Making “delight” stick


The value of exploring a question like this is that it forces us to examine those variables that contribute to creating lasting positive impressions for our customers. If this knowledge can be captured and then reflected in an organization’s service models, then its employees can be intentional about providing memorable customer service consistently, over time, by design rather than inconsistently, here and there, by chance.

This was my response:

The effect of “delight” varies depending on the person (expectancy), the degree of delight (intensity), and the situation (urgency). For instance, I was delighted when a barista served my double espresso with a 4-oz. glass of chilled sparkling water as a palate cleanser. I later learned that, for some espresso aficionados, this “delighter” would have been an expectation. And there are many different ways to delight – from offering a sincere and specific compliment to delivering service heroics. Both acts will leave a lasting positive impression, but they differ in intensity. The situation matters too. If my chiropractor can see me right away (without an appointment) for a routine adjustment, that’s fine. But if I’m experiencing acute pain in my lower back and my chiropractor can see me right away, then I’m delighted!

At the time, I was quite pleased by the assonance of the three categories that emerged: expectancy, intensity, and urgency, but recognize that consumer behavior is far too complex to fit neatly into three categories – even if they do sound alike.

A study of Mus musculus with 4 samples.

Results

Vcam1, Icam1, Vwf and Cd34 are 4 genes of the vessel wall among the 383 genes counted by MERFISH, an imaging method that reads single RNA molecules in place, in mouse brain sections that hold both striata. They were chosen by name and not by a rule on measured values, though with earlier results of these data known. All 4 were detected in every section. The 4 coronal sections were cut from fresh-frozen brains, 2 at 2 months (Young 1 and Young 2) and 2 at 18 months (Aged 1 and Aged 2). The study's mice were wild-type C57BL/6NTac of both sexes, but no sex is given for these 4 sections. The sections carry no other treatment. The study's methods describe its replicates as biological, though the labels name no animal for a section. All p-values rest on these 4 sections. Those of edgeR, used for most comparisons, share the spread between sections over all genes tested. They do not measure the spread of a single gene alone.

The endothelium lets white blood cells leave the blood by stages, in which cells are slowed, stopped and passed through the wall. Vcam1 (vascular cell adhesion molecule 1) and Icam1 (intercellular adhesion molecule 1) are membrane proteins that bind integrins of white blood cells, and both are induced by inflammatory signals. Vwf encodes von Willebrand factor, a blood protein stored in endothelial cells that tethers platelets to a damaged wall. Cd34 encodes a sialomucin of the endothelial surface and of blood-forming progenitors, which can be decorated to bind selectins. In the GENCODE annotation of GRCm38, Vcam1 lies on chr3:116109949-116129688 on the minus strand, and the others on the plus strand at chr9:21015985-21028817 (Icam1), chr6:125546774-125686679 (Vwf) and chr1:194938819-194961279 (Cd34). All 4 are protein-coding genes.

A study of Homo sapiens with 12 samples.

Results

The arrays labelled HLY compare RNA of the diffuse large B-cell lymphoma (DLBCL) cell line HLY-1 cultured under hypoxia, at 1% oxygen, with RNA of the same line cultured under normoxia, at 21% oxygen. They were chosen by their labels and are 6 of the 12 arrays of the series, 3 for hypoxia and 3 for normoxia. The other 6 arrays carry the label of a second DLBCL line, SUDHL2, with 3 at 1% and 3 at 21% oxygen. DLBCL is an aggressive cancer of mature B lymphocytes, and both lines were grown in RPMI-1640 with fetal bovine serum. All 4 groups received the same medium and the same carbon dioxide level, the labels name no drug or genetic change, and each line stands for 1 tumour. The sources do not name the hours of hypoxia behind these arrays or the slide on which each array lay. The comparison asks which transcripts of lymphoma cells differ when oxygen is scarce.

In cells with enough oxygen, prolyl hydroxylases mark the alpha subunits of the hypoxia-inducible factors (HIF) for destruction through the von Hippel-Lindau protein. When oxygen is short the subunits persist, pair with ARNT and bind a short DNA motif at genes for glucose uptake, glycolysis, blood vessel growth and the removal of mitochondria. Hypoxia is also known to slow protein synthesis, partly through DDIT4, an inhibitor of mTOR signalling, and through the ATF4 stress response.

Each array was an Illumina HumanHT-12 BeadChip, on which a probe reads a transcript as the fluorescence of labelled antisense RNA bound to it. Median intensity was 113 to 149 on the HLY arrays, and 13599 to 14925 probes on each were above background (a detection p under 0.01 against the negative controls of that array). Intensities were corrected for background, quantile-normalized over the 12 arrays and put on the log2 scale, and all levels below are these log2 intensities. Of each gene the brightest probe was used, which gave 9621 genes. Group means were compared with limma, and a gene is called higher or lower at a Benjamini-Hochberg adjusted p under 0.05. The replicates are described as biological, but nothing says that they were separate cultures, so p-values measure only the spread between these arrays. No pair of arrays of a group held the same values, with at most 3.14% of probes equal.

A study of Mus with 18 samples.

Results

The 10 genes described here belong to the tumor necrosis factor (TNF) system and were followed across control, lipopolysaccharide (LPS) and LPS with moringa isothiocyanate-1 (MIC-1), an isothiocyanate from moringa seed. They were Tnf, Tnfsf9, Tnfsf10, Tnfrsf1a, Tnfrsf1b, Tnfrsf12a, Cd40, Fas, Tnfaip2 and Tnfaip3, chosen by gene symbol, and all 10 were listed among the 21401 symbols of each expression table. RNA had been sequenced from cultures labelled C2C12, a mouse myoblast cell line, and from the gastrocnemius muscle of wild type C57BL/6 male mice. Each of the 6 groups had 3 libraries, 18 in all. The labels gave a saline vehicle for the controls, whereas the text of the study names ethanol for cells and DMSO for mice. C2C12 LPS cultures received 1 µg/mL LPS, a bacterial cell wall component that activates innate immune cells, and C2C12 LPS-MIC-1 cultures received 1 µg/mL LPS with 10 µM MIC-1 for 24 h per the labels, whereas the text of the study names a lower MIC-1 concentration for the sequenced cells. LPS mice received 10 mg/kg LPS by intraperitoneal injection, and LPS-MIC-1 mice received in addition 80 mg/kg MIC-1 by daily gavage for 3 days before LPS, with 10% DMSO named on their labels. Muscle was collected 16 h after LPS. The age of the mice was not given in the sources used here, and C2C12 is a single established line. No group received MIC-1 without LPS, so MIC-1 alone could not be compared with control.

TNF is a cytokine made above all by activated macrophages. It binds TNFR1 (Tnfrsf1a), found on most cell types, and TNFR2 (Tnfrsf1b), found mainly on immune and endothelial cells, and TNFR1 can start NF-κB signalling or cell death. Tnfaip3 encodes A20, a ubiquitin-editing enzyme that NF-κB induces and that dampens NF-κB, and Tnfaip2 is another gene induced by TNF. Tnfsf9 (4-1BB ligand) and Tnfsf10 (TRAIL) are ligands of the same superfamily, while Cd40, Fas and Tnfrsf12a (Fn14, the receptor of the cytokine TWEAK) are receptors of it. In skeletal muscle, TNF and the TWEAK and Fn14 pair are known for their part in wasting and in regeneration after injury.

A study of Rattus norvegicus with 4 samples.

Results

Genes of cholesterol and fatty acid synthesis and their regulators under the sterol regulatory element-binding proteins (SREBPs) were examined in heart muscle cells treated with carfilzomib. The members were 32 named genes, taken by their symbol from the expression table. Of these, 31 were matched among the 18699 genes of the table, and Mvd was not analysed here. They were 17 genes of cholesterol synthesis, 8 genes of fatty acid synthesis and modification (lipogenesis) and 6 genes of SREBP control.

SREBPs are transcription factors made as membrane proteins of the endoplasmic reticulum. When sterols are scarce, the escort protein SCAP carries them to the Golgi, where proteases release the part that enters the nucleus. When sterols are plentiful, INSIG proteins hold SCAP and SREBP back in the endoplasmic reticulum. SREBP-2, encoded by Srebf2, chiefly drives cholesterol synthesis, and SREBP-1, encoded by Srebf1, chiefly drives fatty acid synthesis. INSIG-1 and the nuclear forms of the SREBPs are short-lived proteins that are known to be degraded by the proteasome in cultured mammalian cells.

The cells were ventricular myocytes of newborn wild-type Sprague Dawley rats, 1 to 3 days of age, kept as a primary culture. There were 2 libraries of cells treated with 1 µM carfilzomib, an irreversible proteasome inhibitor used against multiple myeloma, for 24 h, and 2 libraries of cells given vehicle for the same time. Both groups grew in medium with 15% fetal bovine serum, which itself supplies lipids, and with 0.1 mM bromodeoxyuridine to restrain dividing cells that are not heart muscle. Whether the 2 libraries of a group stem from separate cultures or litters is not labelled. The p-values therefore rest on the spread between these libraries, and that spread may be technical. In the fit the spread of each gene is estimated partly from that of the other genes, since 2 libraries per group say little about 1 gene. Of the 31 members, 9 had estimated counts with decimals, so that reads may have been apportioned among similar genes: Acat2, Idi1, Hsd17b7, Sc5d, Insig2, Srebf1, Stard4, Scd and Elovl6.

How would you respond to this question?

Republished with author's permission from original post.

Steve Curtin
Steve Curtin is the author of Delight Your Customers: 7 Simple Ways to Raise Your Customer Service from Ordinary to Extraordinary. He wrote the book to address the following observation: While employees consistently execute mandatory job functions for which they are paid, they inconsistently demonstrate voluntary customer service behaviors for which there is little or no additional cost to their employers. After a 20-year career with Marriott International, Steve now devotes his time to speaking, consulting, and writing on the topic of extraordinary customer service.